The Man Who Fell to Earth

S.F. State film grad Bill Rose has built a solid career over the last 20 years producing and directing corporate videos, striving to make "mundane stuff seem stylistically sexy." But he took the opposite approach with his first feature-length documentary, The Loss of Nameless Things. "I didn't want to seem edgy; I didn't want to seem hip; I didn't want it to be ironic," Rose says from his Palo Alto office. With a story like that of Oakley Hall III, Rose explains, embellishment is unnecessary.

The son of vaunted San Francisco novelist Oakley Hall (Warlock), Hall III was a 28-year-old playwright poised for success in 1978. The likes of William Hurt participated in staged readings of his work under the auspices of the legendary theater director Joseph Papp. Then Hall took a mysterious dive off a bridge in upstate New York, suffering major head injuries that wiped out his career. "Oakley fell out of the roller coaster," Rose muses. A modern Icarus, to be sure, but Rose also sees Hall as an emblem of the '70s. "In many ways this is a film about our generation," he says, "which, in my view, fell off a bridge and spent 30 years crawling back to find out who we are, if we can't be who we set out to be."

Rose gave Hollywood a go after graduating from State. "I lived there on and off, but I never felt that the kind of films you have to pitch down there I'd feel sincere about," he says. "I was still young enough at the time to believe that I'd be able to make the films I wanted to make. It just wouldn't be in L.A." The Loss of Nameless Things, with music by locals Barney Jones and Joan Jeanrenaud, screens Wednesday, Aug. 20, at 7:30 p.m. at Yerba Buena Center for the Arts, as part of Film Arts' "True Stories" series.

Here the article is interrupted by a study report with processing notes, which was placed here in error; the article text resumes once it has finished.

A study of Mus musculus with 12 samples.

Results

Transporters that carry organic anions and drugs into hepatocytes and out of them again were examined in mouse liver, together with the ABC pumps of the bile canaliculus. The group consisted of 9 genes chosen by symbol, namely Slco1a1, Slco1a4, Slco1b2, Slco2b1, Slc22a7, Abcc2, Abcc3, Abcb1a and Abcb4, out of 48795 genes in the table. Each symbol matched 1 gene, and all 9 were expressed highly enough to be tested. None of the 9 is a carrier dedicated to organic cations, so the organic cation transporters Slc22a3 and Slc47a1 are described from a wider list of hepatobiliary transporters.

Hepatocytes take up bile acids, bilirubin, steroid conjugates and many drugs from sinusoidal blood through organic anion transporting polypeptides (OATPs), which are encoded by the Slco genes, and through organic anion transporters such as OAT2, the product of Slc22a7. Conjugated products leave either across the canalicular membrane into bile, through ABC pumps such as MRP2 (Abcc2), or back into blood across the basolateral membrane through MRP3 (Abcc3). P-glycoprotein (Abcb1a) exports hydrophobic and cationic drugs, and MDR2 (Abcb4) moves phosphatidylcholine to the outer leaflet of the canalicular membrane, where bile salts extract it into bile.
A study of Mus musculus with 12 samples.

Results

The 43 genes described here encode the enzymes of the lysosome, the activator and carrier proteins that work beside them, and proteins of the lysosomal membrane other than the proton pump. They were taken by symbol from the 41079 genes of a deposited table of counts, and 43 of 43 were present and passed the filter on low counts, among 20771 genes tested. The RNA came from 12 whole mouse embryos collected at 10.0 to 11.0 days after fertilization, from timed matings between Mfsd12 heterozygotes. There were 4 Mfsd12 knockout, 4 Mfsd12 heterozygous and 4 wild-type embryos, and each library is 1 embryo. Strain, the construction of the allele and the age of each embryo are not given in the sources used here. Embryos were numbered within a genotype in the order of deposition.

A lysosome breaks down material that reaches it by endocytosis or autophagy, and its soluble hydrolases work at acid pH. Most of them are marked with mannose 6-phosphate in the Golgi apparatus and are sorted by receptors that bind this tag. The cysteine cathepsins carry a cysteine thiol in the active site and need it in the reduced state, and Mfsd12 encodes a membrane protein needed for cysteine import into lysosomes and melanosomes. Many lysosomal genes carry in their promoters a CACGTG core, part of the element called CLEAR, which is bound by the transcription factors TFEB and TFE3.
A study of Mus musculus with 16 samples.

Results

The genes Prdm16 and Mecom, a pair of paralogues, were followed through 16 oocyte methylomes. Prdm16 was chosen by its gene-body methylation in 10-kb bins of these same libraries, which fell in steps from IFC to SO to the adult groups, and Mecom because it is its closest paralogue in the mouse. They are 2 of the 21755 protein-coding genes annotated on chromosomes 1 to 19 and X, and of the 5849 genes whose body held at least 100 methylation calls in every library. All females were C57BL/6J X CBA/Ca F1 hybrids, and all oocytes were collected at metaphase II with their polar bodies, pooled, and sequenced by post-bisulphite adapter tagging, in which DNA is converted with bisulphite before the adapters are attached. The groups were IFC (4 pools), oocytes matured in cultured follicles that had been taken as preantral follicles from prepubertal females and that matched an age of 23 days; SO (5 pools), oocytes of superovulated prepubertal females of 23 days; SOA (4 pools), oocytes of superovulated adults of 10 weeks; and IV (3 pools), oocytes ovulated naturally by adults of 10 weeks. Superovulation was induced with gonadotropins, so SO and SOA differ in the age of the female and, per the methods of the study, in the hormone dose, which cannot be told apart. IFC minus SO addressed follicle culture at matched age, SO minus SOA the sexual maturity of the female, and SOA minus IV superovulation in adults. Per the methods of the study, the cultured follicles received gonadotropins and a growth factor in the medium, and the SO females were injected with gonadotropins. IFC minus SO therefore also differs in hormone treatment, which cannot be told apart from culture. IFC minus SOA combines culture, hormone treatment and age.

The Endless SummerStep Into Liquid, I dare say, will eventually join Maverick's, Heart of the World, and other recent surf opuses in steady rotation on the Red Vic Movie House calendar. Why is there a consistent audience for surfing movies, yet no interest in flicks about, say, bicycling or sky diving? "Surfing attracts a lot more hangers-on than some things might," Liquid director Dana Brown concedes. "You're probably not getting on a plane to fake your sky diving, and you don't just hang out in the parking lot with your Tour de France outfit on. But surfing, definitely; in the summer, in California -- boy, you go to the beach, there's a lot of losers hanging out there. And losers are usually noisy and want to be heard. People visit the beach, and [think] that's what a surfer is. Well, the surfers are actually the people you don't see, 'cause they're way out in the water riding the waves." Step Into Liquid opens Friday at the Embarcadero and the Shattuck.

The Running ManThe California Film Commission's measly $12 million annual allotment (equal to Arnold's acting fee circa '93) was chopped by 90 percent in the new state budget. So how will Conan the Governor balance the books if he gets the part? Step 1: Replace state legislators with unpaid production assistants. Step 2: In every gubernatorial appearance, feature two product placements. Step 3: Require donation of Schwarzenegger's salary and points from Twins and Kindergarten Cop sequels to the state treasury.

Legends of the FallDimension will open Terry Zwigoff's Bad Santa the Wednesday before Thanksgiving. That's what you call a booming vote of confidence. ... Clint Eastwood's Mystic River steamrolls into theaters Oct. 8. ... The other major Bay Area feature in the can, Phil Kaufman's The Blackout Murders -- which will be getting a new name, we hear -- was bumped by Paramount from mid-September to next spring, a full year and a half after production wrapped. Is the studio having a crisis of confidence? Producer Peter Kaufman says no.